By Benita Ferrero-Waldner, Former EU Commissioner for External Relations and Neighbourhood Policy, Former Foreign Minister of Austria and former President of the EU-LAC Foundation
Today more than ever, the European Union and Latin America face the opportunity to advance a post-Occidental partnership. Already, the two regions share the same culture, speak the same language in part and promote the same values and principles enshrined in democracy, the rule of law, human dignity and peace. Such mutual bi-regional respect and tolerance serve as a clear counter-ideology to the surge of extremism and religious fanaticism that we see.
Alain Rouquié, academic, Latin America expert and former French ambassador to Brazil, referred to Latin America as Europe’s “Far West.” Yet, the many changes in the relationship between the European Union and Latin America no longer reflect this definition of the “West.” Thus, building a new enhanced post-Occidental strategic partnership is timely. Indeed, Europe and Latin America could be much stronger allies, politically, socially and economically. What does this mean in concrete terms?
First, consider the political dimension. Achieving a global post-Occidental political relationship between the European Union and Latin America and the Caribbean requires that Europe be more supportive of Latin America’s global aspirations. This, for example, could translate into support for adding new Permanent Members to the Security Council from Latin America, among other members from the South, or in such financial institutions as the World Bank and the International Monetary Fund. Taking this approach earlier could have avoided the establishment of the Bank of the South, which several Latin American countries created. In this spirit, both regions could identify issues where they could jointly work to promote multilateralism, peace, the rule of law, democracy and the principles at the heart of the United Nations Charter, reaffirming their respective roles in the international community while advancing the well-being of their respective populations.
Second, look at the social issues. Starting with the European Union-Latin American and Caribbean Summit in Lima in 2008, both regions realized their shared global social identity.It constitutes an important basis for political and economic co-operation. Nearly all Latin American countries recognise that social inclusion and social cohesion, as Europe practises, are key to improving more balanced development in their countries and mitigating huge social inequalities. Even with significant employment gains, poverty and inequalities persist, and conditions remain challenging for some countries.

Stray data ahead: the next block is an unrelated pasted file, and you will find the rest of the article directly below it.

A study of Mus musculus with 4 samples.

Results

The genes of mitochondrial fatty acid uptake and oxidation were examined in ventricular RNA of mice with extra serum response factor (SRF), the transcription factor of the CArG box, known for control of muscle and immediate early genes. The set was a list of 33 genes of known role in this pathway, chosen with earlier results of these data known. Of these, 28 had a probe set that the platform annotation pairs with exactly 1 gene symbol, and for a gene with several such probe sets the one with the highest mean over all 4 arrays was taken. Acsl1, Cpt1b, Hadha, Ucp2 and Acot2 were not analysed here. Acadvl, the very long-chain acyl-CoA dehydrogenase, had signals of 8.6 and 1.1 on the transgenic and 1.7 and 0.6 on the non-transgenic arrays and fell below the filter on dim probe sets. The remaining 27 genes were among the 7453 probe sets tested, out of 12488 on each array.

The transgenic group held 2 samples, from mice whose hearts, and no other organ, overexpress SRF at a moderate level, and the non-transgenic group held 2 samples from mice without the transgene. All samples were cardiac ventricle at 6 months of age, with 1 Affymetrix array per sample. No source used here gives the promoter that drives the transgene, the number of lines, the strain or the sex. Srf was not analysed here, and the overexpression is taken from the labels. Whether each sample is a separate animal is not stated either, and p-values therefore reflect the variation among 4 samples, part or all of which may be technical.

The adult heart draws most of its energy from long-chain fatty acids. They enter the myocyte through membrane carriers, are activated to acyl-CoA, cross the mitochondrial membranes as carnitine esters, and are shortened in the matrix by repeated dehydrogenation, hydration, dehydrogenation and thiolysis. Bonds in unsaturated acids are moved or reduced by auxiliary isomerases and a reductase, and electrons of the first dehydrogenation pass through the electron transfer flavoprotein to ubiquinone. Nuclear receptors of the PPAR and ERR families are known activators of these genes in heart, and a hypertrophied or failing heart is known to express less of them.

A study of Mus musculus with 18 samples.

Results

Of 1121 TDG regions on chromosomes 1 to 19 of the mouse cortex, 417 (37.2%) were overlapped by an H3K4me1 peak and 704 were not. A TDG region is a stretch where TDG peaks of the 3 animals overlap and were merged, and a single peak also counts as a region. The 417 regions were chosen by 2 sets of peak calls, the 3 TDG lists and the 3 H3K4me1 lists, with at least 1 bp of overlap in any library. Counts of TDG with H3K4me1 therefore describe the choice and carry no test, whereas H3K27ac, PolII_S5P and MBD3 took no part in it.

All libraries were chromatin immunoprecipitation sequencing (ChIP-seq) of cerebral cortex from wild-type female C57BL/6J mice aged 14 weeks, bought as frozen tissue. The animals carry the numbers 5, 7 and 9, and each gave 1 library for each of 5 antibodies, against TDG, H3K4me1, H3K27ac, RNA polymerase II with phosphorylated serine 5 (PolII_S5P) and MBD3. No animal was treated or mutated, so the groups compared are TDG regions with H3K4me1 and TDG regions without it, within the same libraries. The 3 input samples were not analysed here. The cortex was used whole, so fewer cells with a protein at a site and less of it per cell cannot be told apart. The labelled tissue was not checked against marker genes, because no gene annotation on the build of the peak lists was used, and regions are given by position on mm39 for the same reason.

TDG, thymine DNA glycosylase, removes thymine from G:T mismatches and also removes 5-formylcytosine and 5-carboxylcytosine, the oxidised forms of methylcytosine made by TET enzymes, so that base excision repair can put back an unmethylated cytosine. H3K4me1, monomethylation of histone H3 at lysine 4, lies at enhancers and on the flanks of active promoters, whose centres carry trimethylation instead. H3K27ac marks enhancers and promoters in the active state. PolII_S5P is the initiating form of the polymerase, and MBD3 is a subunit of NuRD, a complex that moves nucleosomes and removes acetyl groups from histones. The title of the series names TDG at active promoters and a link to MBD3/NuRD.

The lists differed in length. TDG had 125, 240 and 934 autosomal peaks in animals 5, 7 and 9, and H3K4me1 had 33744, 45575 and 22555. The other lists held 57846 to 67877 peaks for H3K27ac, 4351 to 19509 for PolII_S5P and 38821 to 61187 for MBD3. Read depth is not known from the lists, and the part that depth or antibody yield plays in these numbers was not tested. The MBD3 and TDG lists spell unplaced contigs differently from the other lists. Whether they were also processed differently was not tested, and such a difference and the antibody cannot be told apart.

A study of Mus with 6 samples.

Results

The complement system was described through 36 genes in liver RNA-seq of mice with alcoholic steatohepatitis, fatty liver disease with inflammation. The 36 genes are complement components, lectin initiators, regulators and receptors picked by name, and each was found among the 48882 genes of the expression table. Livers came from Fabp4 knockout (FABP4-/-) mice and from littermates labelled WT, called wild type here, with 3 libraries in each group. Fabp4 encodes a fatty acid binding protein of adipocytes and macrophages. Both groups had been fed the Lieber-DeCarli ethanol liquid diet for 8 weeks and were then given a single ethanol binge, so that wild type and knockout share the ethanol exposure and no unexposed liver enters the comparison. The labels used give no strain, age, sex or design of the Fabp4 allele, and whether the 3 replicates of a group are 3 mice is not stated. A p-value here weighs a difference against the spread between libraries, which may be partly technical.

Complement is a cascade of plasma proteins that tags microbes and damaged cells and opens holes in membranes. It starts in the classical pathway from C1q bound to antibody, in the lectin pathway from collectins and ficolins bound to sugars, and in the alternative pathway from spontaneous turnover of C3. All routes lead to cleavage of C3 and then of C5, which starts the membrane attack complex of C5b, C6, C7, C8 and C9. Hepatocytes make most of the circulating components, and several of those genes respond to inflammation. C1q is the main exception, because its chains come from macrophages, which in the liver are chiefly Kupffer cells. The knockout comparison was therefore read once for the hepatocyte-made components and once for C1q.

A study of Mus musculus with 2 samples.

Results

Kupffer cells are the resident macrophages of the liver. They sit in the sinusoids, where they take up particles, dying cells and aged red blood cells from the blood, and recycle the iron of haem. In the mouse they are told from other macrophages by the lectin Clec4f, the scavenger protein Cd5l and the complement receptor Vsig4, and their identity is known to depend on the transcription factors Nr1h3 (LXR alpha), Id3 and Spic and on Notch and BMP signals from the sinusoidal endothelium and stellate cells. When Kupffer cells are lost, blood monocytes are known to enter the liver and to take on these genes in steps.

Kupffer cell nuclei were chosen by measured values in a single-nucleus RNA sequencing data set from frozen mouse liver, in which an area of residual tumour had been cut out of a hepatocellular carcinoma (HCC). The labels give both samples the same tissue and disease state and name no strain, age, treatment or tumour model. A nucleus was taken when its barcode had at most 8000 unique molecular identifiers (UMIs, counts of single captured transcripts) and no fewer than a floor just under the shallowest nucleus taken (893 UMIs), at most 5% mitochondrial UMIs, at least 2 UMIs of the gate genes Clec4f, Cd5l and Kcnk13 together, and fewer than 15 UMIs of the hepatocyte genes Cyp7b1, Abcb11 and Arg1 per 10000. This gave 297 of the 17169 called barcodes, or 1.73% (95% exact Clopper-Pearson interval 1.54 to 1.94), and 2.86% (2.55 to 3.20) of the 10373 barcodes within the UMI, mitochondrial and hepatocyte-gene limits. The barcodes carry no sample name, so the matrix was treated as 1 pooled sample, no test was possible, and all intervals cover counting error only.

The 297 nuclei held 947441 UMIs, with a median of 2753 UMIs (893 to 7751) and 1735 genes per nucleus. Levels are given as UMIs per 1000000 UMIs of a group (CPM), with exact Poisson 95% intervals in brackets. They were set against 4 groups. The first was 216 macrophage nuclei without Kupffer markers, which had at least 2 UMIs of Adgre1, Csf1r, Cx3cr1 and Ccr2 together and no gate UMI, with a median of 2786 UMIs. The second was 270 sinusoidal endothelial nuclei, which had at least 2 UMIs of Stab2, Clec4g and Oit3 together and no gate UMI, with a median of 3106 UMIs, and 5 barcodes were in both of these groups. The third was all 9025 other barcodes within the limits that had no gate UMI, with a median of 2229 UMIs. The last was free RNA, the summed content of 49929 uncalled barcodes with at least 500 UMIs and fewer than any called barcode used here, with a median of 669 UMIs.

Third, the intensification of economic relations also offers collaboration opportunities. The 1999 bi-regional Strategic Partnership created new expectations in Latin America and Caribbean countries regarding economic ties with Europe. Yet, from 2000 onwards, China’s importance as a trading partner for Latin America evolved strongly, precipitating real geo-economic change. China’s economic presence in Latin America today is evident. China has gained the position of one of Latin America’s major export destinations. Yet, in its trade with China, the Latin American and Caribbean region is increasingly dependent on just a few commodities. However, China’s current economic downswing and policy changes that focus more on its domestic market could launch the right moment for a new initiative with the European Union to create this post-Occidental partnership. The high trade compatibility between the European Union and Latin America and the Caribbean could generate significant benefits from tightening bi-regional economic relations, enhancing global value chains and creating jobs in Latin America.
In this changing context, the relationship between Europe and Latin America can become more balanced and strategic, reinforced by dynamic instruments of cooperation that provide answers to challenges and transform them into opportunities. Consider, the most important EU-Mercosur Agreement, which unfortunately is still not in place. For the European Union, a prospective deal with Mercosur would constitute another step towards an even stronger alliance with Latin America.
Similarly, countries in Latin America have consistently tried to overcome prevailing differences among them by improving coordination through such instruments as the Organisation of American States (OAS), the Union of South American Nations (UNASUR) and the Community of Latin American and Caribbean States (CELAC). CELAC’s emergence as a regional co-ordinating mechanism offers a better possibility of co-operating with and benefitting from a bi-regional relationship with the European Union. Additionally, if the Transatlantic Trade and Investment Partnership (TTIP) between the European Union and the United States is concluded, it would be crucial to open it up to Latin American countries. If Europe championed this opening and managed to make it happen, it could create the “Renaissance” of a stronger partnership and deepen mutual trust between the two regions.
While these political, social and economic factors could form the basis for a new post-Occidental alliance, such a region-to-region partnership will not necessarily be easy because of Latin America’s great heterogeneity. Many questions remain about the form of future relations between the European Union and Latin America and the Caribbean and how these relations will develop. Nevertheless, the sooner we maximise the benefits of our common philosophy and attitude in political, social and economic matters that make us stronger together the better.
This article should not be reported as representing the official views of the OECD, the OECD Development Centre or of their member countries. The opinions expressed and arguments employed are those of the author.